New Zealand Concerned with Chances of Legalizing Cannabis In 2020

New Zealand was poised to make history this year by putting the national legalization of cannabis to a vote, but now advocates are concerned that it won’t make the cut in 2020 due to all the issues that have shifted the focus this year. 

If legalization does get pushed through, cannabis would be legalized for recreational use for those over 20, and there would be regulations as to the growing and selling of cannabis. People would be able to purchase up to 14 grams a day and grow two plants per person. A “yes” vote means that Parliament will be able to pass the law if they choose to, and legal cannabis would be a viable possibility in the country. 

New Zealand would become one of the few countries in the world to have legalized, including Uruguay and Canada. However, many have stated concerns over poll numbers dropping when it comes to cannabis support. 

Studies show that more than $1.4 billion New Zealand dollars could be gained each year from legalizing cannabis, a major boost to the economy. This is based on the country having 400 new stores, 5,000 new jobs, and a spike in cannabis use when it becomes legal.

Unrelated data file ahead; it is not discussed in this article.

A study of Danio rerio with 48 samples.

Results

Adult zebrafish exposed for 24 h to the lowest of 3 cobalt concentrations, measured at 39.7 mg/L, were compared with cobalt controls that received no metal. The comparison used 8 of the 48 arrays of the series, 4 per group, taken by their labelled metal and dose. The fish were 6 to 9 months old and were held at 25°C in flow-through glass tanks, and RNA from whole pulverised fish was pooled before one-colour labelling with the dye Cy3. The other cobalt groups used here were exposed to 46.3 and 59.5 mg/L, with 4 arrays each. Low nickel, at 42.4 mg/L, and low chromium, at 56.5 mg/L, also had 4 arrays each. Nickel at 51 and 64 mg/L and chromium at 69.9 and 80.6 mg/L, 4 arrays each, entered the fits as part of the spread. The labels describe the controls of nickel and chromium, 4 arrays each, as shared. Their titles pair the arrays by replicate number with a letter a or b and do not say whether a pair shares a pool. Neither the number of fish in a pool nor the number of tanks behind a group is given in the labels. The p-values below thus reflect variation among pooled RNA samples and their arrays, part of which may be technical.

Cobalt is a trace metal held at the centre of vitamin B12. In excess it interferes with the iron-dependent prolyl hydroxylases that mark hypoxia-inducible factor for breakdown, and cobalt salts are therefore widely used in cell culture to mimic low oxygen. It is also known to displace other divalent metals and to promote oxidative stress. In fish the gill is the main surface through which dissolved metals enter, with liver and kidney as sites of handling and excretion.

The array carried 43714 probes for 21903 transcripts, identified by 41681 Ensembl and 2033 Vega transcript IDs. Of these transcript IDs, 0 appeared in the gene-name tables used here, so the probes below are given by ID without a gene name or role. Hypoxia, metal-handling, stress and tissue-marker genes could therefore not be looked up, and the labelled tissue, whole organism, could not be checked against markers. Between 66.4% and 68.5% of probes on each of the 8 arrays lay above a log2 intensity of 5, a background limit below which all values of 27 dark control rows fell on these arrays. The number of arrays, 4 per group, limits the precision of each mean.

However, thanks to the combination of COVID and the other major issues coming up this year, including a vote on euthanasia, which has been a huge moral battleground in New Zealand, there hasn’t been the kind of hype around legalization that one would expect to see on an average year.

Is There Still Support For Legalization?

As of the writing of this article, 35 percent of the 1,000 people surveyed about cannabis in New Zealand said they would support cannabis, which is down from 40 percent back in June and 43 percent in November of last year. Those who oppose the measure weigh in at 53 percent. However, other research conducted by the Horizon Research firm shows different results, that cannabis support is split down the middle. Taking the average of those two, however, there is not an overwhelming support for legalization. 

“Those wanting to see a yes vote had to convince a reasonable number of people that their previous prohibitionist views were mistaken,” said Andrew Geddis, a law professor from University of Otago. “At the moment, it doesn’t look like they have been able to do so and time really is running out.”

Prime Minister Jacinda Ardern made headlines recently as the centrist left candidate from the Labor party who admitted to having smoked cannabis in the past during a debate. Though she has smoked, she won’t support the policy openly, saying instead that it is up to the public to decide. Judith Collins, the candidate on the right, says she does not support the policy. 

Many are concerned that if the measure is voted down, it won’t be likely to come up again on the ballot soon. It remains to be seen whether New Zealand will have a victory this year, but the odds aren’t looking too favorable so far.